Growing up on the Nez Perce Indian Reservation, Mikal Eckstrom’s academic work lives in the margins. His current academic work focuses on two marginalized groups: American Jews and American Indians in the North American West, 1850-1930. Spanning almost one hundred years, this work examines how immigrant Jews were part of a larger settler colonial schema in the North American West, and how allotment and intimate colonialism, shaped the relationship between American Jews and American Indians.

Prior to Lincoln, his thesis “Locating Lemkin: Historiography, Concepts, and the Problem of Genocide in the American West,” under the direction of Professor Taner Akcam and Amy Richter, received first departmental high honors at Clark University. Other academic work explored the role of female missionaries in Armenia and Nez Perce Country and the political machinations after the Paxton Massacre in pre-Revolutionary Pennsylvania under Wim Klooster and Janette Greenwood. In May 2015, University of North Carolina published a co-authored chapter entitled “Teaching American History as Settler Colonialism” in Why You Can’t Teach United States History Without American Indians.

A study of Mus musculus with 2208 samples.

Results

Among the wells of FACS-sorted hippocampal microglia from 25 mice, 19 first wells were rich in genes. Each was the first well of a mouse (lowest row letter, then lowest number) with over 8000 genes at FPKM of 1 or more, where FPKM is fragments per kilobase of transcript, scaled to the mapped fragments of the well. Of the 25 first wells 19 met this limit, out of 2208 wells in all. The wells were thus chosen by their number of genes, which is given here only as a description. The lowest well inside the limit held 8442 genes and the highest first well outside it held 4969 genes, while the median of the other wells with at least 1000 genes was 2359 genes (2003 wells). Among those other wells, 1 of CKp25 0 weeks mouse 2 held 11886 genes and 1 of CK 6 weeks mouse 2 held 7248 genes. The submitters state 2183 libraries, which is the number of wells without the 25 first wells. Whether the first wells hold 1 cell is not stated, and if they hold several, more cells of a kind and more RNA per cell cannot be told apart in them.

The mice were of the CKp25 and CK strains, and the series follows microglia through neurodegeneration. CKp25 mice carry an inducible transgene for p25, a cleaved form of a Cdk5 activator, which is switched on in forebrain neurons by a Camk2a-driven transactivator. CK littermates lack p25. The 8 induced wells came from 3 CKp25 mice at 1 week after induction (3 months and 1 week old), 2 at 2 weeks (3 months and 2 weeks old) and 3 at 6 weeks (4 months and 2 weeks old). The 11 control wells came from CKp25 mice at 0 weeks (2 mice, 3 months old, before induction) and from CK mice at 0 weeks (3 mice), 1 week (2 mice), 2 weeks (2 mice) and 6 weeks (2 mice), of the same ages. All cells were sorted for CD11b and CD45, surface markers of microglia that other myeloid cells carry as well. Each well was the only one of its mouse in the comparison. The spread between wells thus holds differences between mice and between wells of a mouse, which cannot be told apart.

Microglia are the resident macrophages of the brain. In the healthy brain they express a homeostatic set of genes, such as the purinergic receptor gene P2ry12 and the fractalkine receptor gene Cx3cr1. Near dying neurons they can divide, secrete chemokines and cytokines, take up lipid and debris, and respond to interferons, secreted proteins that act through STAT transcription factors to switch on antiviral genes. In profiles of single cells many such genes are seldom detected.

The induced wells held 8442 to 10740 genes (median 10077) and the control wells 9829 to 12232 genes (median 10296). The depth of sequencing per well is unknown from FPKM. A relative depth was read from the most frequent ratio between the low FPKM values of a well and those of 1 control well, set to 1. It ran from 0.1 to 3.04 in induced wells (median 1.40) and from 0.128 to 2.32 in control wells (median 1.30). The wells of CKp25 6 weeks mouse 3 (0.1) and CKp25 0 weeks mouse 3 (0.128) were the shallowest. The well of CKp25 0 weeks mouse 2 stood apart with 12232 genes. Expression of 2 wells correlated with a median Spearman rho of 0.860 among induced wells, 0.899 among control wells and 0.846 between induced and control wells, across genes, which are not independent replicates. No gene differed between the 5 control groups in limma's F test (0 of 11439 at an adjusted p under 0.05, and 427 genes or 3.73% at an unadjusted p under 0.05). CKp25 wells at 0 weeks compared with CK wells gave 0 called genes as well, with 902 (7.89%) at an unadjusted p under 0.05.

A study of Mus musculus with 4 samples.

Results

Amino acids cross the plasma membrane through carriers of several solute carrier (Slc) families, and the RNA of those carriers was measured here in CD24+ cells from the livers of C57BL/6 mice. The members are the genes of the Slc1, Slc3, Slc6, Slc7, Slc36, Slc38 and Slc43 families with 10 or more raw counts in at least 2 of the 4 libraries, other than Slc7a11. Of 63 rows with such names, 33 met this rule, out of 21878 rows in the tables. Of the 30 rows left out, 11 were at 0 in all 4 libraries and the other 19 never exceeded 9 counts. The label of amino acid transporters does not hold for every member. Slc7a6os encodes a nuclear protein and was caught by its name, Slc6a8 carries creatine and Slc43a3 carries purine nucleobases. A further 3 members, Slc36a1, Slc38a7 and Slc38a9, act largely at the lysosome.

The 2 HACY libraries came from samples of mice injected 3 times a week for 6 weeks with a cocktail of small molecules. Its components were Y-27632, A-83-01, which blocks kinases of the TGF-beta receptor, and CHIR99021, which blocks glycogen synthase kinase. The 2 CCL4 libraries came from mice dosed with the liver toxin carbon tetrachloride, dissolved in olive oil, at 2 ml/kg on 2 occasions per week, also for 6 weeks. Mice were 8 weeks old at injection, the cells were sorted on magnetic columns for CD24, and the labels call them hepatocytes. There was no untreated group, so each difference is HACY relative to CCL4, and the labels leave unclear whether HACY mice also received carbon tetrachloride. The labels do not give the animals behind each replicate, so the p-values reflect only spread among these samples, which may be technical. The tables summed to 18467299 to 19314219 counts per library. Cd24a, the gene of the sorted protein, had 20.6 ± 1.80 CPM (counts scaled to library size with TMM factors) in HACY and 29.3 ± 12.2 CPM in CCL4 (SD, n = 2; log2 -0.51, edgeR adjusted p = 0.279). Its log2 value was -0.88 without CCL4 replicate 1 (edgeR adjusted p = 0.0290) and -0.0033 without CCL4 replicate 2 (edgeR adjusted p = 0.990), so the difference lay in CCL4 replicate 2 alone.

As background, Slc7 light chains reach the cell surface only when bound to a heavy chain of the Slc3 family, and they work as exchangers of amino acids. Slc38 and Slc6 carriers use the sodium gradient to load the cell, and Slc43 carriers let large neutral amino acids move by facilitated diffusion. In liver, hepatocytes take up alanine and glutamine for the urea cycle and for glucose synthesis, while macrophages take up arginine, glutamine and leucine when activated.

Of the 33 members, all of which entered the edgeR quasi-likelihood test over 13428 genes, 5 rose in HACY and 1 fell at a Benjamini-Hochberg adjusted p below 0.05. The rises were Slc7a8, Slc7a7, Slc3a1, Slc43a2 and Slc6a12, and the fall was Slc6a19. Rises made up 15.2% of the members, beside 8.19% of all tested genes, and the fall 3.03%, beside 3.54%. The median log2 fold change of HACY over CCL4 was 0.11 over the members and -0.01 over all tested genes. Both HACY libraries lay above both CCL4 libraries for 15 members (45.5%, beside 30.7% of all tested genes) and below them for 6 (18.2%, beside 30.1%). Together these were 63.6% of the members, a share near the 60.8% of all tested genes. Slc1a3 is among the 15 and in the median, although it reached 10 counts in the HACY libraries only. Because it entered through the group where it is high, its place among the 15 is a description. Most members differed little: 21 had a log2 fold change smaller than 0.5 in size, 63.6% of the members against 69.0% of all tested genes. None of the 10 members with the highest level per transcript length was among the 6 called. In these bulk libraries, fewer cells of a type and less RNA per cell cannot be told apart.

Eckstrom has interned at the National Museum of the American Indian-Smithsonian in the Education Department in 2009 and worked on the Letters Project, a collection that contains over 3,000 items stemming from the Shoah.

At Clark, Mikal was a Jack Kent Cooke Foundation scholar, a Steinbrecher Fellow, and a recipient of the Belfer Fund for Scholars of Holocaust Studies. Now at University of Nebraska- Lincoln, Eckstrom is currently a graduate fellow at the Center for Great Plains Studies at UNL, a Sheldon Excellence in History Recipient, and received the Bernard and Audre Rapport Fellow at the Jacob Rader Marcus Center of the American Jewish Archives.